Zweig Group recently released its 2018 Valuation Survey. This survey has been a staple of industry-leading firms for more than 25 years. When it comes to estimating the value of a business enterprise, it is important to understand exactly what is being valued and for what purpose. Without an established market in which a firm’s shares are actively traded, an appraiser can only estimate the market value through the application of pertinent measures and indicators of value from relevant data.
This is why this survey and the corresponding report are so valuable to the industry as a whole. This compilation of data is intended to provide some benchmarks and metrics that allow firms to see how their own Value ratios stack up against industry norms.
Six calculated value ratios determine Zweig Group’s Z-Value formulas. Four values (Z1, Z2, Z3, Z4) are calculated based on the reason for the valuation. For example, the Z3 formula is determined by valuations that were done explicitly for internal ownership transitions. Each Z-Value represents a different cross section of the survey sample and indicates value based on different circumstances.
Statistically derived Z-Values facilitate comparisons between different firms and between multiple valuations of the same firm. Raw Z-Values can be adjusted upward or downward, taking into account the effects of relevant variables as indicated by the survey results or the specific circumstances of the reason behind the valuation.
In general, valuations conducted for external purposes, such as a possible merger or sale, tend to yield higher value ratios than those conducted for internal use (buy/sell agreements between stockholders, internal ownership transfer, etc.). Valuations performed in connection with a potential or actual sale or merger resulted in higher median values for five out of the six value ratios calculated. The only ratio that lagged the overall median was the Value-to-EBITDA ratio, which came in at 3.34, where the overall median was 3.80.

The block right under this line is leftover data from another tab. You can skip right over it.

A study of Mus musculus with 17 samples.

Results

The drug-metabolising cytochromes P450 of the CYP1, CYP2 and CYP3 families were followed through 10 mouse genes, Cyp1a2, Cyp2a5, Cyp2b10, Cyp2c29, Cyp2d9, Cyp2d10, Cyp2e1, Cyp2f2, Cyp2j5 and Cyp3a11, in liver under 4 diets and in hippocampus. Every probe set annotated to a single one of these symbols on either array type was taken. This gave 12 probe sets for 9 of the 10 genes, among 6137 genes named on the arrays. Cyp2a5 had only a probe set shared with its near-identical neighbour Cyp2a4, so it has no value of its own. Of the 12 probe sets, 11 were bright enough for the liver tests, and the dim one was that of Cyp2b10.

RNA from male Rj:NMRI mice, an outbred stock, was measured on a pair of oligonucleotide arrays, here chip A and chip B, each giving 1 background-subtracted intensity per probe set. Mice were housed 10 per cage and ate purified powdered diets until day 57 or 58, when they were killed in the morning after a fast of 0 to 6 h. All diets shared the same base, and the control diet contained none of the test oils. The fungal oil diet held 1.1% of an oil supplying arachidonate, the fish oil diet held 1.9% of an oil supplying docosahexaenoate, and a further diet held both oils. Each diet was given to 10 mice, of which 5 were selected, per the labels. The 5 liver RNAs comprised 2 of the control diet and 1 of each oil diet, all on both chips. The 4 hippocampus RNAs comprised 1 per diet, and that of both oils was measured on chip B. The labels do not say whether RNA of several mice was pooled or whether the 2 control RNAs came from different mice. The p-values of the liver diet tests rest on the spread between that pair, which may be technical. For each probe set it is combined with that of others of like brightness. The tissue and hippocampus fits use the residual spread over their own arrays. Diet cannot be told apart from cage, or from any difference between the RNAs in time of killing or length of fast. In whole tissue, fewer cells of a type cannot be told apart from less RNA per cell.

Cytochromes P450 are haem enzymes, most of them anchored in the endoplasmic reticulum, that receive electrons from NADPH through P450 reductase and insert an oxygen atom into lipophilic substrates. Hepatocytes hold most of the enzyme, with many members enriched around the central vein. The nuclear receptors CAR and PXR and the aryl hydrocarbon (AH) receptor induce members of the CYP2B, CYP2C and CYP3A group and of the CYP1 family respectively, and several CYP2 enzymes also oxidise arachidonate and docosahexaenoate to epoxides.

Historically, with some exceptions, larger firms were generally valued higher from a Value-to-EBITDA ratio standpoint than smaller firms. This indicates that as firm size grows, so does the relative value of the underlying assets or equity of the firm (i.e., growth is good!). Conversely, from an equity value-to-book value perspective, larger firms had a lower multiple, likely because larger firms were carrying more underlying assets and owner equity than smaller firms.
Though this survey provides insight into some of the nuances of firms and the relative value assigned to a firm, formal appraisals are still the most accurate method of value determination. An appraiser who is not familiar with the nature of the AEC industry can miss some important valuation variables when only using formulas or models. Standard, off-the-shelf financial models are often based on analyses of gross sales and ratios driven off of gross sales. AEC firms often have considerable amounts of pass-through revenue (subconsultants’ fees and reimbursable expenses) that really do not accrue to the firm. Therefore, all modeling and financial analysis needs to be based on net service revenue.
Other important variables include backlog (work actually under contract), sales (work won but not under contract), and proposals outstanding. All of these are standard components of Zweig Group’s Z-Values and bring a consistency to value determinations year over year.
Will Swearingen is director of Research. He can be contacted at firstname.lastname@example.org.